Fusion Anthology

A comic review article by: Jason Sacks
Fusion Anthology is a new idea in comics collections. Housed in a DVD-style "N-case" collectors' box, buyers receive a graphic novel, a supplemental booklet, some trading cards, a poster, a bookmark, and lots of other stuff for $19.95.

That's a lot of stuff, a whole lot of stuff, and it would be awfully damn cool if, say, DC put out a similar edition of All-Star Superman or something. After all, with a book like that, you get a great story with terrific art, and kinds of great things to celebrate that greatness. But to celebrate a new anthology that features mostly mediocre work by budding creators is a bit over the top. It's a lot of sizzle without a lot of steak.

One of the things that I struggle with as a reviewer is how to review content by new creators. I almost always want to give such work the benefit of the doubt, and judge it by the sincerity and potential behind the comic as much as for its aesthetic quality. Even George Perez and Jim Lee once were awful; why not give brand new creators, especially self-publishers, the benefit of the doubt? In fact, on one occasion, I decided not to submit a negative review of a self-published comic that had horrible art. Why rip someone for just learning the ropes?

But in its presentation, Fusion Anthology asks to be considered alongside the big boys. This is not some small $3.50 black-and-white comic. This is a comic with full process color on slick paper packaged in a fancy case and costing about as much as a copy of the paperback edition of Watchmen or Seven Soldiers. And sitting alongside the big boys, it's not worth the money.

Fusion Anthology features eight short comic stories that all apparently integrate into a larger universe. In the book, readers meet characters like Breakthru, a roguish professional thief, who stars for four pages. Next readers meet "I am King" and his protectors the Garb, as they break up a robbery of an ancient jewel or something (the story's not clear) in six pages. Next comes a character called either Armor Michelle or ArmorChelle (I think ArmorChelle is a nickname) as she engages in a long interior monologue and fights some bad guys (and, I think, loses, though the story's not clear on that point to me) in six poorly-paced pages. We also meet Martha Savage of the Doom Guard as she engages in four pages of high-camp adventure fighting the evil Dr. Sardonic. And we meet Les Corsairs, a group of female space pilots who kind of just hang around their spaceship for five pages, having what apparently is intended as witty repartee. And a bunch of other unmemorable characters.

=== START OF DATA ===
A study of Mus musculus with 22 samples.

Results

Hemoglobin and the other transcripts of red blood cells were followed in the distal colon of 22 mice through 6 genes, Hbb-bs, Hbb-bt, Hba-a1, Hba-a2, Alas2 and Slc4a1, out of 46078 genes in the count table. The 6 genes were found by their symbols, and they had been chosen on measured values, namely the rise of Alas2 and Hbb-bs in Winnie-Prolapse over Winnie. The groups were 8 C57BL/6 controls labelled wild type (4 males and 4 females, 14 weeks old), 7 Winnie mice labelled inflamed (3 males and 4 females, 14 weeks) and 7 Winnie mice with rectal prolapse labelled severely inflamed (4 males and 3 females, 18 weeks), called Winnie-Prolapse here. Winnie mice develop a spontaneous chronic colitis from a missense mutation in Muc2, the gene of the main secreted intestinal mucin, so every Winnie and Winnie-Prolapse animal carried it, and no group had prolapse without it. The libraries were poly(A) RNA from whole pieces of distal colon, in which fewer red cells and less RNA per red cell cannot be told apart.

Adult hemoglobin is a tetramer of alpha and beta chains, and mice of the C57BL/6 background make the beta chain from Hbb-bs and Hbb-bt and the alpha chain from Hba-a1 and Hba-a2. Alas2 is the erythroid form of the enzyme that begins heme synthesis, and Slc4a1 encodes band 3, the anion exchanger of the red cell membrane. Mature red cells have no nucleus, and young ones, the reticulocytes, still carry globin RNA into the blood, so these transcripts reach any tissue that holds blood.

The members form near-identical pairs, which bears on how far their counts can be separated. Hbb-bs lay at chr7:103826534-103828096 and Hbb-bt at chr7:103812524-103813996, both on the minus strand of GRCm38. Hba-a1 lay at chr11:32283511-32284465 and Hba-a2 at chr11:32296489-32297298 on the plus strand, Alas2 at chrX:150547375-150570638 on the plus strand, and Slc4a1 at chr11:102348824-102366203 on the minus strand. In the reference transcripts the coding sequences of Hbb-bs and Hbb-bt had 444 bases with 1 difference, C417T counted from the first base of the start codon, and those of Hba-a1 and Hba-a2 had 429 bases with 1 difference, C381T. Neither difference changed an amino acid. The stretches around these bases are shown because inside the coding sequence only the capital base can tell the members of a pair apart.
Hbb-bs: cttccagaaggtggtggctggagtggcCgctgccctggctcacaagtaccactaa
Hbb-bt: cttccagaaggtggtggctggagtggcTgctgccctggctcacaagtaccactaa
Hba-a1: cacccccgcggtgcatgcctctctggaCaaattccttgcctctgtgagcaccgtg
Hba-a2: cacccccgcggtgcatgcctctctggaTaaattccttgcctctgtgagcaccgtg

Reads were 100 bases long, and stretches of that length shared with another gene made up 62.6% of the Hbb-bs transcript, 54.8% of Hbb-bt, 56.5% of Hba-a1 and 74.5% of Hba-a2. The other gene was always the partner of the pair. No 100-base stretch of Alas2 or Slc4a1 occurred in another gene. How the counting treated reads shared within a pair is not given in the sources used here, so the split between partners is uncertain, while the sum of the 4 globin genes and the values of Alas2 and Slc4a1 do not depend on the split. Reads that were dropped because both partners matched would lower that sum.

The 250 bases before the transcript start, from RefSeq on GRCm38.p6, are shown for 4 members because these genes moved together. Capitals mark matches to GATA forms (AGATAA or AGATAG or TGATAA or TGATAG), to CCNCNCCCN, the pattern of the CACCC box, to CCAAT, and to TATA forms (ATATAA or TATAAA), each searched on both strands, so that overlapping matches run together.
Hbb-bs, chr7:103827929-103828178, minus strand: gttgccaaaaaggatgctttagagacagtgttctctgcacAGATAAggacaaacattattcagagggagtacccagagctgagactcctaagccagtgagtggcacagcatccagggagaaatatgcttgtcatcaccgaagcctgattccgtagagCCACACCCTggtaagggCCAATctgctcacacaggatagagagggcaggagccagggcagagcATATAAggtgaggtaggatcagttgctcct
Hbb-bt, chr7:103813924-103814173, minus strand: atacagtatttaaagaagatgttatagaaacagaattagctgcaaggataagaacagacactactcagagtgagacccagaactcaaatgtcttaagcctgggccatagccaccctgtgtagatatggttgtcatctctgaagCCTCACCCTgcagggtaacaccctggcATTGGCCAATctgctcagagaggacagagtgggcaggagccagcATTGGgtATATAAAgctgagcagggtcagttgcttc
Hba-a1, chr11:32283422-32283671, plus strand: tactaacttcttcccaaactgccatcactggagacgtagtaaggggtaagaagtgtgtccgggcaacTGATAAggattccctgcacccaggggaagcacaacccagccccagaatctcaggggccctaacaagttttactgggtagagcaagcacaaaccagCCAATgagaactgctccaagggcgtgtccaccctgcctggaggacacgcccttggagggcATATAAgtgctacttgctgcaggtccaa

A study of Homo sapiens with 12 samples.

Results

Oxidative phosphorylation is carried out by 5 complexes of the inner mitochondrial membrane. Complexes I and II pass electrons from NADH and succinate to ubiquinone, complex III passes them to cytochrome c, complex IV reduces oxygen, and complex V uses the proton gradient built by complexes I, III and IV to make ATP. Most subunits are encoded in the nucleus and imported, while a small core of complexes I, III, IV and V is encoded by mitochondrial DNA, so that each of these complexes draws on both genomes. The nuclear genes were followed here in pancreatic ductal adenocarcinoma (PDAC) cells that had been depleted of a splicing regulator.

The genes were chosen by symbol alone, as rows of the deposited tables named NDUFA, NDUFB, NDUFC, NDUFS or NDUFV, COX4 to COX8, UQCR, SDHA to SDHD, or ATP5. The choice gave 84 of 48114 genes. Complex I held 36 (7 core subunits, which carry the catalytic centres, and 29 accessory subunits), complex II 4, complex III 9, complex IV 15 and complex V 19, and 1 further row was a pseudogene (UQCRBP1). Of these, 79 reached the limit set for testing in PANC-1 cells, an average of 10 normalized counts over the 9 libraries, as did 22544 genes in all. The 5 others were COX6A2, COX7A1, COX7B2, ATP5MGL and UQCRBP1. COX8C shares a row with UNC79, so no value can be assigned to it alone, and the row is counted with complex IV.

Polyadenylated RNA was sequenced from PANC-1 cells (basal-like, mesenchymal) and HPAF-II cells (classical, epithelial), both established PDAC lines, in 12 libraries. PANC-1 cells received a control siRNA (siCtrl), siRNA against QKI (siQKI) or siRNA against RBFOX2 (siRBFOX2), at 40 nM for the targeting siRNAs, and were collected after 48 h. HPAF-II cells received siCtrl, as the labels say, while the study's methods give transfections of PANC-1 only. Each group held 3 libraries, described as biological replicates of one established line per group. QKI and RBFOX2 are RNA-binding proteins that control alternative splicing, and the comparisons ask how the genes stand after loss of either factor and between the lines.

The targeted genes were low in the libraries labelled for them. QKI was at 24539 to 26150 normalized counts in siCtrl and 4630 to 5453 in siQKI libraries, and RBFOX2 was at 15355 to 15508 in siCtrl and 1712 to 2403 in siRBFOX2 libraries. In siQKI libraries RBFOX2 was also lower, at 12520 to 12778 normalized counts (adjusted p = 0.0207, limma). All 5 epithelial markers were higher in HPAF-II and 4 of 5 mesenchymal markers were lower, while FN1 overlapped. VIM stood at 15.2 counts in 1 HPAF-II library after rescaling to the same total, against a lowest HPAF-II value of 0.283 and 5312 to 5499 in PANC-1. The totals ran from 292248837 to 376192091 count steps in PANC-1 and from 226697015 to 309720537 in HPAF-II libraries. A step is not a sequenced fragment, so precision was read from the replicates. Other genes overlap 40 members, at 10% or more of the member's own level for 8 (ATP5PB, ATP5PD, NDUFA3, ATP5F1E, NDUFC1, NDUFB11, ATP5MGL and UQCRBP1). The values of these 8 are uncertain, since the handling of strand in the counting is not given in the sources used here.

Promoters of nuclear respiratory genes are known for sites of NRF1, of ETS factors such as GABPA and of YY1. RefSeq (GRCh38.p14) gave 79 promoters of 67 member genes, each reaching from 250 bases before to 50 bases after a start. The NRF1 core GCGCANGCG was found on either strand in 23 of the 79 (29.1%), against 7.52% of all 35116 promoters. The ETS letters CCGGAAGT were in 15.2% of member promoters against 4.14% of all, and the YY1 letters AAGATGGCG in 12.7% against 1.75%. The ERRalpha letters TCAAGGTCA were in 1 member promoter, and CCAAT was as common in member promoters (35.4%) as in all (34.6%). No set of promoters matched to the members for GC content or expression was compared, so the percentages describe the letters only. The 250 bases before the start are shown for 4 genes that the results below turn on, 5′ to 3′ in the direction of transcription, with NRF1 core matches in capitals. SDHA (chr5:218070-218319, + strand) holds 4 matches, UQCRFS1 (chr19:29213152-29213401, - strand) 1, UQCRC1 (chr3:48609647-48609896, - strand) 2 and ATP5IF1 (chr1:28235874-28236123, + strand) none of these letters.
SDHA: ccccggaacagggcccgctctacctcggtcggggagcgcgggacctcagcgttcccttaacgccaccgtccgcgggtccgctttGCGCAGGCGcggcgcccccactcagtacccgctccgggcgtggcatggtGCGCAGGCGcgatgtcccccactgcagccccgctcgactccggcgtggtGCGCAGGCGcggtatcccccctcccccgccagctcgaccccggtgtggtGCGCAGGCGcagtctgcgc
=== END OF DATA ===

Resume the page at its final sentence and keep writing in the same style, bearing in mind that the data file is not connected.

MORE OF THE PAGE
Short comic stories are notoriously difficult. Even the most experienced pros have trouble telling coherent stories in six pages or less. In this comic, frankly, the creators seem overwhelmed by the task. Stories seem over-plotted or poorly paced, cramming too many panels onto a page, and trying to add as much detail as possible so that readers get hooked on the stories. If there had been more length for each story, the creators might not have felt as rushed and the stories might have made more sense. Instead, we get a jumble that by the end feels overwhelming.

The posters and such are actually quite nice. Like supplemental features on the DVD, they add an extra level of fun to the product. The "N-Case" is an odd idea, but it does help the comic to stand out on the stands. I do think the cover logo is unreadable (why not choose one of the logos shown in the supplemental booklet instead?) and is even partially covered up by the cover art, which seems rather self-defeating to me.

If a DVD isn't entertaining, it doesn't matter how nice its supplemental features are. I wish Fusion Anthology was worth the asking price, but it's not.